A while ago I was asked to be part of an IABC panel event to talk to our communications industry about the future of PR, and what it'll look like in 2027. It's not often I'm asked to share my reckons, especially about a topic that I'm reasonably opinionated about, so I was excited to be invited, particularly to join a panel with such important people in our industry. If you missed the event last night or are interested more in where I see PR going, please read on.
I've been working in the PR industry for nearly 18 years, and while I've dabbled in a few other things in that time, largely, PR is my core trade. You don't need me to tell you that PR is constantly evolving. It has been in motion since the late 90's and it's not about to stop now. Traditionally it was all about media relations for a company and what coverage in the mainstream media and glossy titles could do for them. Media relations is still a part of what we do, but if PR people want to remain useful and employed in this brave new world, they're going need to add a lot more to their LinkedIn endorsement list, beyond press releases.
My friend Gini Dietrich of Chicago based PR firm Arment Dietrich and founder of my most favourite blog ever, Spin Sucks, says that communications professionals need to be hybrid communicators and I agree with her. To be a hybrid communicator you'll need to fully understand media relations and all that entails, but also be completely proficient in digital storytelling and content planning, social media, and paid advertising.
Talking about paid ads, I'm sure we're all familiar with the PESO communications model, and even as little as a year ago, I would have said that the "PAID" part of PESO for PR people, meant sorting out facebook ads and sponsoring posts. Not anymore. In the future, or now, when your client is launching a product that needs a fully integrated launch plan, you're going to need to master media buying. Sure, you might have friends or an agreement with an ad agency to help you, however, the value you will add to your client by being able to take the lead on the launch including their paid advertising is pretty phenomenal. My firm has been leading the launch for new cricket platform BehindTheSeams.TV and a hybrid role here has been absolutely necessary.
Next up is metrics. And I don't mean advertising equivalents like we touted in the 90's. I mean true measurements of how effective your work is for getting leads in the door of your clients. In the future, and you can start this today actually, PR people need to show demonstrable evidence of their work contributing to a company's bottom line. Google have made it really easy for PR firms to measure their work, with its analytics tool. You don't need to go all gung-ho on guaranteeing leads to your clients if you're not comfortable with that (I get it, baby steps), but when you see users downloading content and signing up for lists, you can give yourself a pat on the back, as this means your work has made a positive impact to a company.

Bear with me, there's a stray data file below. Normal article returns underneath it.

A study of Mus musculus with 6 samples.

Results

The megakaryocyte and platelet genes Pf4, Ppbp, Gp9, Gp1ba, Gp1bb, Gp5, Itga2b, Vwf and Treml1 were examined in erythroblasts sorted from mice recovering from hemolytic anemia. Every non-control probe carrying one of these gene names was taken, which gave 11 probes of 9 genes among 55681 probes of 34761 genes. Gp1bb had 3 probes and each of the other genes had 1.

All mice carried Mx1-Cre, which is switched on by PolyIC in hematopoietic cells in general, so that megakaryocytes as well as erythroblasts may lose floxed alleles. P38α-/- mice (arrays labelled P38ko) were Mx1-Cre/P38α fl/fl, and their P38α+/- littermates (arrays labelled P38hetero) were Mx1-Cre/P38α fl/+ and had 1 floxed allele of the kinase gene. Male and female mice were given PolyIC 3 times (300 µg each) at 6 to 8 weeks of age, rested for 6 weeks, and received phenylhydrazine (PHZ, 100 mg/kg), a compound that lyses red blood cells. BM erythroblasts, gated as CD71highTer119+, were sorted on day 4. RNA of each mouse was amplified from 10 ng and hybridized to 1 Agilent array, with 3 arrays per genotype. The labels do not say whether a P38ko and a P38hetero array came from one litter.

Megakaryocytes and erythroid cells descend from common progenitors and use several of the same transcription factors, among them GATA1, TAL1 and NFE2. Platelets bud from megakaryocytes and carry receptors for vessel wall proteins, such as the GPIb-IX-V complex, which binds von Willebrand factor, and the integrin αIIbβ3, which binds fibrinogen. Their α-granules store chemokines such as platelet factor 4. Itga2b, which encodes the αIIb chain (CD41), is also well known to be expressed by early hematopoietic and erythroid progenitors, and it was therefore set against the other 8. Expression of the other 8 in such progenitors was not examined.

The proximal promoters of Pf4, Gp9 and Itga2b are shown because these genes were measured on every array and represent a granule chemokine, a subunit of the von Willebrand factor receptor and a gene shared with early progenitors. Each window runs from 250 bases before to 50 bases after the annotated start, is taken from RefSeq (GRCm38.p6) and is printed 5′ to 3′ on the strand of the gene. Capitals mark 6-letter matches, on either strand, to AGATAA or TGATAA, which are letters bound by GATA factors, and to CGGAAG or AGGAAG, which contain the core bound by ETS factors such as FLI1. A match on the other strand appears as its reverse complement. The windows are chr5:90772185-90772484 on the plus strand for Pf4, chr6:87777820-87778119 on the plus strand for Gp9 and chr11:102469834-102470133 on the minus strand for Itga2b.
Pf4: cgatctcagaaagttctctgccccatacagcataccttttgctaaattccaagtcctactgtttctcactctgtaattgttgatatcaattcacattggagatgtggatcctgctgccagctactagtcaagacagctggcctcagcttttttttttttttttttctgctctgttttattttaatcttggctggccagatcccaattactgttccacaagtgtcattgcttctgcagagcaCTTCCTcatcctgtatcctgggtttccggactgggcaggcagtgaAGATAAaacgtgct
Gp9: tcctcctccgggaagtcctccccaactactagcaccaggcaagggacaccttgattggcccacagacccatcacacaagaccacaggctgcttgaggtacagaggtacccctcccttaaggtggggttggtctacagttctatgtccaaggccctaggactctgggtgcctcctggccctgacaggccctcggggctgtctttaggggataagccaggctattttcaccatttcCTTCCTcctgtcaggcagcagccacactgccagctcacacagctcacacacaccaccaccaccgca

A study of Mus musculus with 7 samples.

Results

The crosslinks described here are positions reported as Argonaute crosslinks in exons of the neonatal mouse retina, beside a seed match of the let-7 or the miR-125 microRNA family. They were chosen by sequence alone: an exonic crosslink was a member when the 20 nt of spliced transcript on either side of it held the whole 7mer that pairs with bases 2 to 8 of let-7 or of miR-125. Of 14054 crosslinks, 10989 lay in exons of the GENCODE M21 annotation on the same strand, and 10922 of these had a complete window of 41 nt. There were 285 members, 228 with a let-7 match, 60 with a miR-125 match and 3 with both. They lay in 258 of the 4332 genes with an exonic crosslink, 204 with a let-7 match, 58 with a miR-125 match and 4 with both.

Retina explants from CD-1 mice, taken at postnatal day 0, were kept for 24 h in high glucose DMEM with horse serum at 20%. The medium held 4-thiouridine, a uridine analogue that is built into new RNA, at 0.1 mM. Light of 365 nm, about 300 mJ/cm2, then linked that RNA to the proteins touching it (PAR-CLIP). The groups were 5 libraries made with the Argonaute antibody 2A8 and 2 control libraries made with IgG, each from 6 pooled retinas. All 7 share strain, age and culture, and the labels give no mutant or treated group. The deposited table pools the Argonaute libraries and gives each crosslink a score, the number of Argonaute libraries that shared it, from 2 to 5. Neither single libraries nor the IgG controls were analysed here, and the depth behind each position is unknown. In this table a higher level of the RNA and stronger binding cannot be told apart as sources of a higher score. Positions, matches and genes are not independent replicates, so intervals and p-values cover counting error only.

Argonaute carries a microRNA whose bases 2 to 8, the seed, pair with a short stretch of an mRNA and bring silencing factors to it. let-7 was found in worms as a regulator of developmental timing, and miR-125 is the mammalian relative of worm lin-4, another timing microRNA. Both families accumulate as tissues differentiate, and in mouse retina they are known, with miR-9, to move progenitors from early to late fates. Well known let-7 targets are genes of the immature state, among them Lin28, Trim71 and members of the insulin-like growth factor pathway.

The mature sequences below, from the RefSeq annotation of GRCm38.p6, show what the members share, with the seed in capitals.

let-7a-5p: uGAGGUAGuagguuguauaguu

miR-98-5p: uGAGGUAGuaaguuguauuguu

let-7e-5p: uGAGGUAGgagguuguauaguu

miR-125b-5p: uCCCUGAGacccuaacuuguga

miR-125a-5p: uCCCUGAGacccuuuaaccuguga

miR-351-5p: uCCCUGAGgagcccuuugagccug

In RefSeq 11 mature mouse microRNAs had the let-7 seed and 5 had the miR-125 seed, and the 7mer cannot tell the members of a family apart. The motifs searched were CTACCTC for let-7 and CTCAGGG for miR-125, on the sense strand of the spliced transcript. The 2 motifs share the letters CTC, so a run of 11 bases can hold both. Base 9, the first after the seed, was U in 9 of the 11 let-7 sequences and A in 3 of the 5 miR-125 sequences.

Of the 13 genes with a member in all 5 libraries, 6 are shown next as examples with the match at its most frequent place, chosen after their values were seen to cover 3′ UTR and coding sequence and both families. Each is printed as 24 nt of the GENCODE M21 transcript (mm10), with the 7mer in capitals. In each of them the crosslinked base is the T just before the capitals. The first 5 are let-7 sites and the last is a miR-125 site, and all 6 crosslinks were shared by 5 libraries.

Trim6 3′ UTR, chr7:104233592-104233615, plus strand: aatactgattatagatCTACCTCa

It's pretty clear that digital PR will be super prominent in the future - it is now, so there's no turning back. But how we embrace new technology like AI, will be key to the importance of PR practitioners in the future. AI robots as I like to call them, won't be taking your job, but they'll change it. Imagine how much time you spend on writing, and then think of the time freed up when a cute AI robot writes the majority for you based on some keywords and long tail questions you prepare for it. Your writing role will evolve into an editing role to shape the content and soften it with emotion and tone. AI probably can't do that for you, so take a breath, your job is safe.
Strategic advice is my final point today. And this one is really important. PR people need to get a seat at the top table and in time they will. When discussing business strategy and planning, our experience in communicating a message and via what methods is crucial to the success of a company. This will be more important in Government departments across the world, too. We only need to mention the Trump administration debacle and how disjointed and offensive to many, certain characters have behaved with their opinions and reckons. Communication controlled by a presence at the top table, could have saved some face.
I wish to thank the New Zealand chapter of IABC for inviting me to join their panel event, special mention to my panel colleagues, Sharon Hunter (international speaker), IABC Global Chair, Regan Savage, Kiwibank GM Marketing Communications, Debbie Barber, Ministry of Health GM Communications, and thank you to IABC Wellington President Shaun Jones for the top notch facilitation.
Lou Draper is Managing Partner of Draper Cormack Group and a public relations veteran. Originally from Auckland, she is now living, working and breathing public relations, personal brand and content curation in Wellington City.